I am starting to see what the Victorians meant about ankles. I have a bit of a thing for them myself these days. And it’s not just me: right now, they are a much-appreciated erogenous zone, sartorially speaking.
Ah, excellent point. You’ve noticed that you can’t actually see my ankles. But here’s the thing: you can see that I have ankles. Bear with me. What I mean is that you might notice my ankles, even though you can’t see them, because my skirt is of a length that shows ankle, rather than leg, so it points to these rather eye-catching boots. If I had been wearing this skirt five years ago, I would probably have worn it with dark-coloured high heels, because it wouldn’t have occurred to me to make ankles a focal point; but in 2019 it calls for a jazzy ankle boot.
The jazzy ankle boot is one of those trends that started as a silly fling and, against the odds, stuck. It stuck because it is simple and effective. My absolute favourite fashion tricks are the kind that are big on impact but don’t make your life difficult. A well-chosen pair of spectacular earrings, for instance: they fit into your handbag, and turn a black sweater and jeans into a passable evening look. A pair of interesting ankle boots with a modest heel works along the same lines. They transform a midi skirt, or trousers or jeans cropped at the ankle, into an interesting look.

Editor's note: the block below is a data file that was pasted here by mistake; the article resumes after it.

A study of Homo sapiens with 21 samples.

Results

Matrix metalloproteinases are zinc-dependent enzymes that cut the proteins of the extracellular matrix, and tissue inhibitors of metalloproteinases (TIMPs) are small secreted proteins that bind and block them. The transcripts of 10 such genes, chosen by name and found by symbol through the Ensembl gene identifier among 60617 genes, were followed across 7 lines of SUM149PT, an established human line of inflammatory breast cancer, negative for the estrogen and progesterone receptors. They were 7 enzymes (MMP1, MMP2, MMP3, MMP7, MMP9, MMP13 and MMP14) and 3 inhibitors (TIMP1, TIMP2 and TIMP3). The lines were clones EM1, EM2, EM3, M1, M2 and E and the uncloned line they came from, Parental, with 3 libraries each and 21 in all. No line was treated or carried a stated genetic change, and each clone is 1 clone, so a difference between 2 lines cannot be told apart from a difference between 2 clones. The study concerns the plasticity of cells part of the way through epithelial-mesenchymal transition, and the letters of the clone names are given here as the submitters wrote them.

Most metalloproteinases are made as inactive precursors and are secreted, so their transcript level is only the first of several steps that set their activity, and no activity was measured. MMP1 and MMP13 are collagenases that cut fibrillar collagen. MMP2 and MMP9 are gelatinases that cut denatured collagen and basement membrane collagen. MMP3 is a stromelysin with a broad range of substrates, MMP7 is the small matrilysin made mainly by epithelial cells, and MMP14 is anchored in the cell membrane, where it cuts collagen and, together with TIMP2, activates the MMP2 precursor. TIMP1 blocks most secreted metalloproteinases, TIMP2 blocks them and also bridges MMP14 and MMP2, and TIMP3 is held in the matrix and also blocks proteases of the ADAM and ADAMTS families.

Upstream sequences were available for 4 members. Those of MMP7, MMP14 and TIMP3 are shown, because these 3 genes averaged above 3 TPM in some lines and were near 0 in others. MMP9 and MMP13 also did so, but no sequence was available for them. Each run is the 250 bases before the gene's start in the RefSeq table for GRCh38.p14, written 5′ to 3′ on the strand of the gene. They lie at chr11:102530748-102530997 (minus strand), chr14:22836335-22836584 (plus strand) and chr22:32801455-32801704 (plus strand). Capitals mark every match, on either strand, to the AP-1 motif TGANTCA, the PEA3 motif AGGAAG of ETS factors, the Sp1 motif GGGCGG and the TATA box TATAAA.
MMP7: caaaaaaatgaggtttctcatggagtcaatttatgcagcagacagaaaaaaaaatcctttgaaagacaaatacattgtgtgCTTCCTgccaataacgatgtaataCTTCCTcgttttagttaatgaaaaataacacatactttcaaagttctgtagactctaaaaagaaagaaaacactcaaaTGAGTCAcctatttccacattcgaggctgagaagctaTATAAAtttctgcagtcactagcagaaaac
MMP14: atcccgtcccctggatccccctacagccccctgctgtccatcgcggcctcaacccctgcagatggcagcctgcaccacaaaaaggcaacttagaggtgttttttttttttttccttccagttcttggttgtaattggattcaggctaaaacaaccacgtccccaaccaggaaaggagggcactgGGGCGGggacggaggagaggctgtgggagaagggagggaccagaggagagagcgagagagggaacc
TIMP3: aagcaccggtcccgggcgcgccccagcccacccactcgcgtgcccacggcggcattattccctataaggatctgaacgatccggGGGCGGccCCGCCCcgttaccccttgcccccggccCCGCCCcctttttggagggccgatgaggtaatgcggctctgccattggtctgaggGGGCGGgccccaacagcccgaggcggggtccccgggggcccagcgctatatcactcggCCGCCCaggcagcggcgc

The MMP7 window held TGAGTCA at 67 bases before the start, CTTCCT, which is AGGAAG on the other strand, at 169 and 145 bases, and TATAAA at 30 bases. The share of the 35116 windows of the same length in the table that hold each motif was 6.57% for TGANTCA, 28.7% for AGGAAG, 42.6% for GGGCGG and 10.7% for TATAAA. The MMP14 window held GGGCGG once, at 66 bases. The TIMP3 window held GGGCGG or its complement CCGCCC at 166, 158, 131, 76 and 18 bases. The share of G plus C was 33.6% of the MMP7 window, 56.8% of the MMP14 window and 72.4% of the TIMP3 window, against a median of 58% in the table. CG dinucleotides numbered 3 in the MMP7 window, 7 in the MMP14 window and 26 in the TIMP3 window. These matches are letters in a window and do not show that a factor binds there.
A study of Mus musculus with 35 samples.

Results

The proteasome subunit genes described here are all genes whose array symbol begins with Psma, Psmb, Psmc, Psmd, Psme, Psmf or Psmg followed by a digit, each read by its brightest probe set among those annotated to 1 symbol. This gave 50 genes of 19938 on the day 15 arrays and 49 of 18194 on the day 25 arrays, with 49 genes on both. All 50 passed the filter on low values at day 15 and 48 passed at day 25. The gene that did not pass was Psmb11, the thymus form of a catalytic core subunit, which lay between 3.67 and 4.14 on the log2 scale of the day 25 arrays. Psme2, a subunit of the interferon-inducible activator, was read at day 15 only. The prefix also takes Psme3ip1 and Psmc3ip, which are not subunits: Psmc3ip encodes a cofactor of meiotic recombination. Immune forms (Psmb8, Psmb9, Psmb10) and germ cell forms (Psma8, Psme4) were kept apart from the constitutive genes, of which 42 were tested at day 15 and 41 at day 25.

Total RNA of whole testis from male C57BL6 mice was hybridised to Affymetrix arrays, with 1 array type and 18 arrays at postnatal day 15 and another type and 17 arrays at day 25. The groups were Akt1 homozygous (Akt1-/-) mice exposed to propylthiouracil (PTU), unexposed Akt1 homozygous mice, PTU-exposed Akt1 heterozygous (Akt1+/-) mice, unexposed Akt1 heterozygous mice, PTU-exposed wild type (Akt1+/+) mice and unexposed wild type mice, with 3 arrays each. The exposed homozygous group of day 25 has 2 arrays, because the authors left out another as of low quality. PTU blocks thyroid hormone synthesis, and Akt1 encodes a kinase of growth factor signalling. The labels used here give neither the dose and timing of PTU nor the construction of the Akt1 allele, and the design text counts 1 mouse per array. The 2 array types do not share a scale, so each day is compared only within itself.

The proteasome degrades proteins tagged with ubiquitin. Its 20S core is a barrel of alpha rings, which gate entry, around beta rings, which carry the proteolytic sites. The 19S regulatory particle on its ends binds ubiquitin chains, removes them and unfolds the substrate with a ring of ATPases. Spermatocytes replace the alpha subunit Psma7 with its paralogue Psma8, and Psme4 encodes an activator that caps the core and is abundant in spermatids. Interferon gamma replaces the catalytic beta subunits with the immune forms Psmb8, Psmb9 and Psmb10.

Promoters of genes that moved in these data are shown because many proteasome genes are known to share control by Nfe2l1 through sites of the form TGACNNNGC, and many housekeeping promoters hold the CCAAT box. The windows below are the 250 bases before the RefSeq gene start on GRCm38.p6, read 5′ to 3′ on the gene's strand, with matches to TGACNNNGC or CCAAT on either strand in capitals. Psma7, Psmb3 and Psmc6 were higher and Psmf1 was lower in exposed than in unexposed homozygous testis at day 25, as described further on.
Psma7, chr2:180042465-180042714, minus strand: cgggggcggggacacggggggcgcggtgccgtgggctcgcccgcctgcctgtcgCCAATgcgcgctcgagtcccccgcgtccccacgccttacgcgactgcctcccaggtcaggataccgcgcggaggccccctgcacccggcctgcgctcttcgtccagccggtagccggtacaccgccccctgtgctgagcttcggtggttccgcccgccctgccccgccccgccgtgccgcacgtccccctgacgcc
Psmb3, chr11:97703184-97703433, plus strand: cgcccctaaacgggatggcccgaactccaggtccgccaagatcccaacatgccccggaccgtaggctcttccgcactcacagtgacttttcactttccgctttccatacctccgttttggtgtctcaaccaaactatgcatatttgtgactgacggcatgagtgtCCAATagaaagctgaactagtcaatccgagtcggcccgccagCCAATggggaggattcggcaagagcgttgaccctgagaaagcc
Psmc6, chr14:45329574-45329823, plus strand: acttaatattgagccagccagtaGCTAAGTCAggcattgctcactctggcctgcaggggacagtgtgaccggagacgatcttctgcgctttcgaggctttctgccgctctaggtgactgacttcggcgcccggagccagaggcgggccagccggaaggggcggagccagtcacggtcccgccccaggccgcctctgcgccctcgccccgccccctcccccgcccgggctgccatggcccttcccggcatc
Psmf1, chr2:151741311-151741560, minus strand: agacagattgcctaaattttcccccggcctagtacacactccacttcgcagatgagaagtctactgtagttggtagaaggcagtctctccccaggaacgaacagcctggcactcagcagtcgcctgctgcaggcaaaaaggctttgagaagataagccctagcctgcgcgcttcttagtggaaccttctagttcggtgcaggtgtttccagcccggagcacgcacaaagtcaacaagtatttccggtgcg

The ankle boot has risen as hemlines have fallen. An ankle boot is not particularly flattering, so when skirts were short and leg-lengthening illusions were called for, it didn’t really work. But when your skirt shows only a few inches of ankle, there is really no need to get hung up on leg-lengthening illusions. (There was never actually any point getting hung up on leg-lengthening illusions in the first place; but most of us feel those pressures and I don’t think it’s helpful to pretend we don’t.)